Apple has leapt into the services and subscriptions business in a major way, announcing the impending launches of Apple TV+, Apple News+, Apple Arcade - and, bizarrely, an Apple Credit Card.

Best known for its hugely popular iPhone and iPad mobile devices, a chunk of Apple's revenue comes from its digital distribution services iTunes and the App Store. While the company takes a hefty cut of all subscription revenue generated through the App Store - something which has made it the focus of numerous legal complaints alleging abuse of a de facto monopoly position - that is seemingly not enough: Late yesterday the company announced it was to launch its own first-party subscription services for TV and film, newspapers and magazines, and games.

'We’re honored that the absolute best lineup of storytellers in the world — both in front of and behind the camera — are coming to Apple TV+,' crowed Apple's Eddy Cue at the unveiling of its video subscription service Apple TV+, after name-dropping everyone from Oprah Winfrey and Steven Spielberg to Jason Momoa and M. Night Shyamalan. 'We’re thrilled to give viewers a sneak peek of Apple TV+ and cannot wait for them to tune in starting this fall. Apple TV+ will be home to some of the highest quality original storytelling that TV and movie lovers have seen yet.'

'We’re committed to supporting quality journalism, and with Apple News+, we want to celebrate the great work being done by magazines and news outlets,' added Lauren Kern, editor-in-chief of Apple News, of the Apple News+ subscription service which will boast over 300 publications at launch. 'We think the breadth and quality of publications within Apple News+ will encourage more people to discover stories and titles they may never have come across before.'

'The App Store is the world’s biggest and most successful game platform. Now we are going to take games even further with Apple Arcade, the first game subscription service for mobile, desktop and the living room,' continued Phil Schiller, Apple's senior vice president of worldwide marketing, of the Apple Arcade service which rounds out the company's fresh subscription offerings. 'We are working with some of the most innovative game developers in the world to create over 100 new and exclusive games to play across iPhone, iPad, Mac and Apple TV. Apple Arcade games will be great for families, respect user privacy and will not have ads or require any additional purchases. We think players of all ages are going to love Apple Arcade.'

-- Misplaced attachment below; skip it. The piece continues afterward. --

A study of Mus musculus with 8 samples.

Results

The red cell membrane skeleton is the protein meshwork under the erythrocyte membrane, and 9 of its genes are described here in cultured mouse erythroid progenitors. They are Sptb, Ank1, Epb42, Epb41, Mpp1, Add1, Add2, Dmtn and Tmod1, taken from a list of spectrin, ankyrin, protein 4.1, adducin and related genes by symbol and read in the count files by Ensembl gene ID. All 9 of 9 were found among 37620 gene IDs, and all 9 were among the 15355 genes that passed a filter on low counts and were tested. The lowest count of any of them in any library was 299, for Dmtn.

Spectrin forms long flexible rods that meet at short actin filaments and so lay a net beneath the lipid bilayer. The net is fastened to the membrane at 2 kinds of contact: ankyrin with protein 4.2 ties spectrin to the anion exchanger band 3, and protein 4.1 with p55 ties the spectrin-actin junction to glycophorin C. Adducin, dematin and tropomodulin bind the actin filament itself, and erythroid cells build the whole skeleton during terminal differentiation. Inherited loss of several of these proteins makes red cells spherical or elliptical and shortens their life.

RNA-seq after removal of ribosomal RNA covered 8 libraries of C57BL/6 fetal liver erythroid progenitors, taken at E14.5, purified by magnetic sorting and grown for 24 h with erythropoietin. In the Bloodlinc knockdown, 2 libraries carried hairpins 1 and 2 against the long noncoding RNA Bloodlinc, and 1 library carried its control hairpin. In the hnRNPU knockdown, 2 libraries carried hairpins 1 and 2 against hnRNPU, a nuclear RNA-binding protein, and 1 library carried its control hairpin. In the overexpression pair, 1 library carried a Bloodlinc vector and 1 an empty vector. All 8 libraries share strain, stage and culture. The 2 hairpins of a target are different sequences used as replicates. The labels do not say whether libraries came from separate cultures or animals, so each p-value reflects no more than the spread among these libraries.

For anyone wondering how exactly they are going to pay for these three new services, Apple had a surprising answer: The Apple Card, an own-brand credit card tied in to an iOS-exclusive app and created in partnership with Goldman Sachs and Mastercard. 'Apple Card builds on the tremendous success of Apple Pay and delivers new experiences only possible with the power of iPhone,' claimed Jennifer Bailey, Apple’s vice president for Apple Pay. 'Apple Card is designed to help customers lead a healthier financial life, which starts with a better understanding of their spending so they can make smarter choices with their money, transparency to help them understand how much it will cost if they want to pay over time and ways to help them pay down their balance.'

The card, Apple explains, comes without fees, low interest rates, no penalties for late payments, and cashback totalling three percent on Apple purchases and two percent elsewhere. While the Apple Card is primarily designed to be used via Apple Pay, a physical card will also be provided - which has no visible card number, Card Verification Value (CVV) code, expiration date, or signature adorning its plain white surface. Purchases made using the physical card, though, are limited to one percent cashback.

Apple has confirmed that the Apple Card will launch in the US this summer, with no word yet as to international availability, while more information on pricing and availability on Apple TV+ and Apple Arcade is due in the autumn. Apple News+, meanwhile, is available in the US today priced at $9.99 a month (around £7.60 excluding taxes) with UK availability scheduled for later this year.